As stated above, I think we can clearly state that personal medical questions of any nature are off topic and liability.
The line that I think should be drawn, is whether or not the question is asking for a preferred course of treatment or likely prognosis.
[Course of treatment; C]
A person has X, Y, Z symptoms (or known disease), what would be the
best treatment for this person? =>Not allowed.
A person has X, Y, Z symptoms (or known disease), would treatment A
or B be more appropriate and why? =>Not allowed.
A person has X, Y, Z symptoms (or known disease), why does the human
body/disease/pathogen produce symptom X/Y/Z? =>Allowed. The lead in
person with X/Y/Z symptoms is erroneous and should be edited out,
but the question "Why does the human body produce symptom X" is of a
biologically relevant mechanism question. Specific example: "Why
does the body sometimes respond to infection with a fever?" or "Why
do bacterial infections often induce fevers?"
What causes X symptom from R disease/pathogen? =>Allowed, same as
Why is treatment A used for R disease/pathogen? =>Allowed. Again
driving at the underlying biology/pharmacology/bio-chem mechanisms
in play. "How does treatment A interact with disease/pathogen R,"
would be another acceptable rephrasing.
How do treatments A and B differ in how they interact with
disease/pathogen R? =>Allowed, same as above.
How do treatments A, B, and C effect the body? =>Possibly allowed
with editing and clarification. We don't want to get into what
possible symptoms could be, and any desire to list symptoms should
be prohibited. However, I think different underlying
immunological/pharmacological differences could be on topic. For
example, you could get into the difference in the immune response to
live attenuated vaccines vs heat-inactivated vaccines. Also want to
look out for generally low quality questions in this section.
I'm taking a course in [medical field] and was told X, but why isn't Y? => Rarely
allowed because I don't think these are likely to yield meaningful biological
discussion, have a very low scope of relevance, and tend to be poor questions in
A person has symptom X, what is going to happen to him/her? Not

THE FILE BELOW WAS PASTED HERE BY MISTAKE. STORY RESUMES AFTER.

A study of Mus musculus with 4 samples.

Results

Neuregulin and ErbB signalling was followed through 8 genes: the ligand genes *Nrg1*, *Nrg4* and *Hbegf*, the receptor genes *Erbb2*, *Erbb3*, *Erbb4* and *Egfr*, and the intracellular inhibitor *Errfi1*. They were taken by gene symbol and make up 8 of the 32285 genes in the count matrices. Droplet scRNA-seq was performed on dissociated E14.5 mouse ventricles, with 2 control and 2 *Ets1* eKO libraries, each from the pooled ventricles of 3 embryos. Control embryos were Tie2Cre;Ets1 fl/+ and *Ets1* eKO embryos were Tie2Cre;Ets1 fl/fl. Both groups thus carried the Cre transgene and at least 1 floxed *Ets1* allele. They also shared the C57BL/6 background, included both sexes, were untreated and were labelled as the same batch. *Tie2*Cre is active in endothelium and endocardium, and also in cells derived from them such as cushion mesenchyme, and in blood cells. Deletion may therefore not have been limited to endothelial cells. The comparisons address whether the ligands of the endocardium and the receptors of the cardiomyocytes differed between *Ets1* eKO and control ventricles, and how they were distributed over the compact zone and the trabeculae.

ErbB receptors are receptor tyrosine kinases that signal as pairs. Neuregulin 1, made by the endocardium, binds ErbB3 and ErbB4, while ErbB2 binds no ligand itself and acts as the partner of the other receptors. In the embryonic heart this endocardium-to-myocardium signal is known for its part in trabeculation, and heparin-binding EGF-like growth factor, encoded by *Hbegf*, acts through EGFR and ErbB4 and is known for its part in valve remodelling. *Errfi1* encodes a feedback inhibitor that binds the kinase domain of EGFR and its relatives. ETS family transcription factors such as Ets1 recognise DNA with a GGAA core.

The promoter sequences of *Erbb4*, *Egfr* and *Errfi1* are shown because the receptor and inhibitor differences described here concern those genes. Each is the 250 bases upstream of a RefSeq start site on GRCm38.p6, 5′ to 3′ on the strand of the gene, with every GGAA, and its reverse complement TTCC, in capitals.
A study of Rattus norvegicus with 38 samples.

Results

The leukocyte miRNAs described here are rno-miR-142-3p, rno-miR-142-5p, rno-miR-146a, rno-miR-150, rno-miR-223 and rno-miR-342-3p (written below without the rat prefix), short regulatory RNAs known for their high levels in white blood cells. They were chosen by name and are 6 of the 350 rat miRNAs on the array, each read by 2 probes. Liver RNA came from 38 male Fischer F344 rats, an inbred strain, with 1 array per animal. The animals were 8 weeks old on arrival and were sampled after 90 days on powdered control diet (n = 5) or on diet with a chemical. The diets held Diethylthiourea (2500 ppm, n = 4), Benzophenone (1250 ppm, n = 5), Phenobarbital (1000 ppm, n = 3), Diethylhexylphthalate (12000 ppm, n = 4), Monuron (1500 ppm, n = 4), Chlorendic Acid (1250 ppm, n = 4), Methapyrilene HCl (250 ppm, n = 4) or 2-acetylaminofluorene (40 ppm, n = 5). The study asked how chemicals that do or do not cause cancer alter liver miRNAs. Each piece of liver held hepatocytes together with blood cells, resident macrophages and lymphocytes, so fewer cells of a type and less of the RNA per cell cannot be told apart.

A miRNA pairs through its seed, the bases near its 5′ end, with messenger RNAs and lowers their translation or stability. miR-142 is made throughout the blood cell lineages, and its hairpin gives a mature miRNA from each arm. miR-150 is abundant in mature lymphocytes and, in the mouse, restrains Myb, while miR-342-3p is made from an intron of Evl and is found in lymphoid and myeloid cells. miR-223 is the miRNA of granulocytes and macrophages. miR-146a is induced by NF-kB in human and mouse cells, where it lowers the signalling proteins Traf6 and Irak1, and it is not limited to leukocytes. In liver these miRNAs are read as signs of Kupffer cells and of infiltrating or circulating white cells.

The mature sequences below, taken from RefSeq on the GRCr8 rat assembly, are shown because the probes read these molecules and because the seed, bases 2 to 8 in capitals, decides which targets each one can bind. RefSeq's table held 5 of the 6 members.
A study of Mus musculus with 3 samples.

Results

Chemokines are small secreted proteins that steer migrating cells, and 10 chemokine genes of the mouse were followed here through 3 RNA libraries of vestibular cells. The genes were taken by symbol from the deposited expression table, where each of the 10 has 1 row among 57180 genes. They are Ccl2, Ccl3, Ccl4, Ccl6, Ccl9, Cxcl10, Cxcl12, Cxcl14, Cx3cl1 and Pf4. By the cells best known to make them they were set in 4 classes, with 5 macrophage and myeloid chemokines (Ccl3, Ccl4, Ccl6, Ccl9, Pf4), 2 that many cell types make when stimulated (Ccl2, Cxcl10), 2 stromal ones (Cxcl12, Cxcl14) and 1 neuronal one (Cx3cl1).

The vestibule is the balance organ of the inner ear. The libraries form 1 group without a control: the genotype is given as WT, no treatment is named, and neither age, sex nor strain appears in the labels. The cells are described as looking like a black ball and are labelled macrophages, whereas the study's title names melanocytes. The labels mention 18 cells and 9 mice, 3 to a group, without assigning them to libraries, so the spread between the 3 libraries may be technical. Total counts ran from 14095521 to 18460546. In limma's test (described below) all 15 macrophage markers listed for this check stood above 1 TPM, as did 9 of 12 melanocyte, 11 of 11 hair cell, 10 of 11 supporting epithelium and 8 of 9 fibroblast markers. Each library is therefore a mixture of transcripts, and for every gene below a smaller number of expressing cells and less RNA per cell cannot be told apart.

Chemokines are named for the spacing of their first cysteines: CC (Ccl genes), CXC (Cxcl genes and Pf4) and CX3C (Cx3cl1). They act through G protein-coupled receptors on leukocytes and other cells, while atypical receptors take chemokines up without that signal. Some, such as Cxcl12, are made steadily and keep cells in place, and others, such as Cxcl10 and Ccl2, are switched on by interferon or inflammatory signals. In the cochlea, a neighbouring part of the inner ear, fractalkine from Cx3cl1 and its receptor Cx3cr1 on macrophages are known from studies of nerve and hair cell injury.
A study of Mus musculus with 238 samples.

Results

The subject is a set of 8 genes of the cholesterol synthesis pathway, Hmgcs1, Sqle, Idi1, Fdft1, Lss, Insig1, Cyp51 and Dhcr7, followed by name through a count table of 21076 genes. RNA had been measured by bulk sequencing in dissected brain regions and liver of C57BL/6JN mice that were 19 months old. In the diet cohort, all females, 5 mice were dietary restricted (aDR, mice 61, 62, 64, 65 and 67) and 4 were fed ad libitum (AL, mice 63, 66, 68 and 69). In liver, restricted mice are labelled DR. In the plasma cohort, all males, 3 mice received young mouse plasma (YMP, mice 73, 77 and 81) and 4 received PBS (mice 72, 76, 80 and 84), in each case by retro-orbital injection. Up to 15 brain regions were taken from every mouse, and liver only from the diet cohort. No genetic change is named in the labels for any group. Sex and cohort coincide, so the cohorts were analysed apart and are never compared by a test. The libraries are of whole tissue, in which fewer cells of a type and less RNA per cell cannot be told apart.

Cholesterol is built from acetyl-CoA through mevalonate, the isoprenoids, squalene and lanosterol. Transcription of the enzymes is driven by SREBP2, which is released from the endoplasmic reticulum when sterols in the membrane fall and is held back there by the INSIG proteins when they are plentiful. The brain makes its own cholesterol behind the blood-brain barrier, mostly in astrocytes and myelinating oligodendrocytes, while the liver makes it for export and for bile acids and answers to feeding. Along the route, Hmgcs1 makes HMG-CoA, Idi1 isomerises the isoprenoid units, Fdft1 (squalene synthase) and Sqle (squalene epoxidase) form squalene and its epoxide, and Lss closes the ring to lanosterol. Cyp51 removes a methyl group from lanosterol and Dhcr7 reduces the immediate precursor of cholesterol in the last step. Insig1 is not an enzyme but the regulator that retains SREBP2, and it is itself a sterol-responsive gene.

A person has disease R, what is going to happen to him/her? Not
Would doing X make a person sick? or What would happen if a person
did X? =>Not allowed, and probably a poor question.
A person has disease/pathogen R, what will happen if they undergo
treatment A/B/C? =>Not allowed
A person has disease/pathogen R, what will happen if they don't
undergo treatment? =>Not allowed.
Why does disease/pathogen R often cause X? Allowed. I think this
again can get at the mechanism. Some specific examples: "Why does
Ebola often lead to death?" or "Why does obesity often lead to
diabetes?" We have to careful that these questions don't get too
I think the good rule of thumb would a "mechanism" test:
Can this question be properly answered in terms of the underlying biological mechanisms of [medical issue]?
If the answer to that is yes, then I think the question is probably on topic. If not then it probably isn't. I think it is easier to conceptualize how mechanisms are relevant in certain medical fields (ie pharmacology). But I don't think this precludes mechanistic questions on less obvious fields like surgery.
This had me reviewing one of my first answers, which I'm beginning to feel is off topic as it sits. I think that I could go into the mechanisms of arterial retraction, blood loss effects, or physiological responses to hemorrhage, but that is not what the question asked. Instead I think it might be an example of C1 (categorizing the examples above under C or P), which should not be allowed. The question could be pushed into C5, but is not currently phrased as such. I must admit that this personally makes me sad as I had liked my attempt at bringing the subject to the public.
I also want to point out that I don't think we should limit ourselves to human medicine. If any of the above questions had been asked in veterinary setting I think they would also be off topic ("a person" replaced with "a dog"). I get a little less clear on "lower" species or plants. I'm inclined to apply the same rules as above. If someone wants to ask about the prognosis of a plant virus, then I'm inclined not to answer. If someone wanted know how some insult caused X symptom in plants, then I think it would be on topic to address.
I also think there needs to be some clear thought on how medical questions are tagged. Should they be tagged as medical? I think broken down into specific fields is a good idea (pharmacology, infectious diseases, oncology, etc), but I don't know if they should get an additional medical tag? That might at least help us track how these questions are trending and their closure rate.
Lastly, as previously discussed, I think that most medical-class related questions are going to be poor questions.
First, I must admit that my participation in the community has been intermittent/punctuated. Also, if you've guessed from a few of my answers, I'm coming from the medicine side of things, though with a clear focus and experience in biological research. More specifically I've been working in Infectious Diseases for last 10 years or so.